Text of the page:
Russian voyager and survivalist Fedor Konyukhov is preparing for a new challenge – the first ever solo transpacific crossing by solar electric catamaran. The 9,000 nautical mile expedition from Chile to Australia is set to start in December 2021.
The serial adventurer will spend about 100 days alone in the ocean, covering about 3,000 nautical miles a month. The odyssey will start in Valparaiso (Chile) along the coast of South America, towards Lima (Peru) and then through French Polynesia all the way to Brisbane in Australia.
Konyukhov’s vessel, a catamaran NOVA, is 11m long, 7m wide and able to reach speeds of 5-7 knots. The catamaran, which has a displacement of 2.2 tons, was designed by English racer and engineer Phil Morrison. Its hull is made of carbon-fiber composites.
The vessel is driven by electric motors and has no adverse effect on the ocean or atmosphere. In order to generate enough energy to supply the boat, the catamaran is equipped with PV modules with a total capacity of 11 kW covering an area of 66 m2 on the vessel. The sides of the hull will also carry panels, providing an additional 12m2 per side. Whilst these panels are not expected to be as efficient as the deck panels it is hoped they will gather valuable additional energy when the sun is low on the horizon and from light reflected off the water surface. The PV system consists of flexible heterojunction solar modules produced by Hevel Group, which has designed cells that are resistant to hostile environments, e.g., salt water and UV radiation.
Solar power is used not only to keep the vessel going, but also to guarantee the supply of fresh water, as the boat is equipped with a desalination system powered by solar-generated electricity.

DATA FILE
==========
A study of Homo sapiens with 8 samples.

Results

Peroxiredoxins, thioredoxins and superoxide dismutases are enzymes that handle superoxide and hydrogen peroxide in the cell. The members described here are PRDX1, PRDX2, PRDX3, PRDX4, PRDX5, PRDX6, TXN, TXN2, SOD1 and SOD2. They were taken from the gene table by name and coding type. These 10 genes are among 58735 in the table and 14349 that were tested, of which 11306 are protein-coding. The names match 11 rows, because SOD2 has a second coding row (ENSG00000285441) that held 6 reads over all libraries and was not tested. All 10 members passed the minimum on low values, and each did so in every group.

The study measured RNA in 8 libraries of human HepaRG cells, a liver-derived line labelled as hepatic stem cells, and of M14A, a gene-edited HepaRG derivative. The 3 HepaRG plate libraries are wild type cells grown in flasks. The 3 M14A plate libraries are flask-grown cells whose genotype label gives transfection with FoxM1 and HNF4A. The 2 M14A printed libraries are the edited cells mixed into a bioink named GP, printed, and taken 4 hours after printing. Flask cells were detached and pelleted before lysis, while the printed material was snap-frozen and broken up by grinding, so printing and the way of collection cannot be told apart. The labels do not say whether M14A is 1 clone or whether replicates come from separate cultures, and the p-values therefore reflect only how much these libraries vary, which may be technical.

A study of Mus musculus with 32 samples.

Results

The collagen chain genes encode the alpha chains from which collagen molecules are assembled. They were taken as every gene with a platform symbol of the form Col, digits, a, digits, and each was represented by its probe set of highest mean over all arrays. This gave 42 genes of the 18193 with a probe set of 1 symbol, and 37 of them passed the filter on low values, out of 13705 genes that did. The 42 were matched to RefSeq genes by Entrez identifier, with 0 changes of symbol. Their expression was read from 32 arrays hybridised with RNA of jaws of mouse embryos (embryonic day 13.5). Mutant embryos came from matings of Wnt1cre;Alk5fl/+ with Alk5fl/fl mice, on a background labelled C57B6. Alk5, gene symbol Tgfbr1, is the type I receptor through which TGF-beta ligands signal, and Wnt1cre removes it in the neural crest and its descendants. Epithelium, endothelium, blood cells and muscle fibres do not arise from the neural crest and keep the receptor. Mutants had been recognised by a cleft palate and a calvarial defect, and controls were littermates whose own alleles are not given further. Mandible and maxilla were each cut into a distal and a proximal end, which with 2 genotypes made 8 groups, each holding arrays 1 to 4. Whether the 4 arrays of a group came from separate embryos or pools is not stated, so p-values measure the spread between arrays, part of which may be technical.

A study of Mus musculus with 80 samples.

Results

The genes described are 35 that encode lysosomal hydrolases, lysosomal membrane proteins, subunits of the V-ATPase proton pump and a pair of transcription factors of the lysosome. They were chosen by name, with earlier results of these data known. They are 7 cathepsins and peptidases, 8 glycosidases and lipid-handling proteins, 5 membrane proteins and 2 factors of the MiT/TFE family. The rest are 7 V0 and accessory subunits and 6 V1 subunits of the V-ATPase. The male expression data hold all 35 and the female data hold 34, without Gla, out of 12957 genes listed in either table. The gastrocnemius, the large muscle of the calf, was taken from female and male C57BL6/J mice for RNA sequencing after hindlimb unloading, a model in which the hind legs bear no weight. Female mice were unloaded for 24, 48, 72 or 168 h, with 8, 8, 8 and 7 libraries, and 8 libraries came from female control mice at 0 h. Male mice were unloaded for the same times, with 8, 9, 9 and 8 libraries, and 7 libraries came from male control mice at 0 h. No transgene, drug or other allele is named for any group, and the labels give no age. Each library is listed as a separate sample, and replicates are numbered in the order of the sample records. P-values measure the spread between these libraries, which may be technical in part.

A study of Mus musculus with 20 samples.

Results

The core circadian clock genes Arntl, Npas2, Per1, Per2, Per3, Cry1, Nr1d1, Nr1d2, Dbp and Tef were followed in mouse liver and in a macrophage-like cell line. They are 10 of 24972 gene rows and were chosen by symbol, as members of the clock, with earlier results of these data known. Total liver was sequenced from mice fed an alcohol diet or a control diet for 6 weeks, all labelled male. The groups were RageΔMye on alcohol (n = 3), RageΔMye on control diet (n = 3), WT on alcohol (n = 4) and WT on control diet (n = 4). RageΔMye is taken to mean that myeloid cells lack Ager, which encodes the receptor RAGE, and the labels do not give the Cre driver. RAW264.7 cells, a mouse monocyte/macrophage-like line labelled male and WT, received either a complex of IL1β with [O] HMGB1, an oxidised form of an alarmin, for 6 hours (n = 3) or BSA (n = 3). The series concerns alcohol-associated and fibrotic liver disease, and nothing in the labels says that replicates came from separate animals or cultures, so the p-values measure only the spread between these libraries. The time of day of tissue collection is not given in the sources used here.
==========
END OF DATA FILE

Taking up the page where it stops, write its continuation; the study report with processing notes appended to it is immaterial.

During the voyage, Konuykhov will keep a video blog and monitor the plastic pollution of Pacific Ocean. The collected data will be further analyzed by the Russian Academy of Sciences.
Oscar Konuykhov, the team leader of the expedition project, is excited about the capabilities of the vessel: “It can stay autonomous in the ocean for up to 6 months and go as far as needed, without any limitations. State-of-the-art technologies allow it to monitor the environment and take water samples automatically. Built with proven technologies, NOVA can run in dangerous environmental conditions, even in disaster areas”.
Hevel CEO, Igor Shakhray, said: “Fedor Konuykhov constantly challenges both himself and the limits of existing technologies. We are sure that such projects are an ideal way to demonstrate the capacities of solar power and push R&D even further. Aquatic applications of solar are evolving fast and I’m sure we will soon see commercial PV-based marine transport of all sizes. Solar-powered vessels represent the perfect kind of transport for delicate ecosystems, but in order to preserve the planet’s water resources we must treat every body of water as fragile”.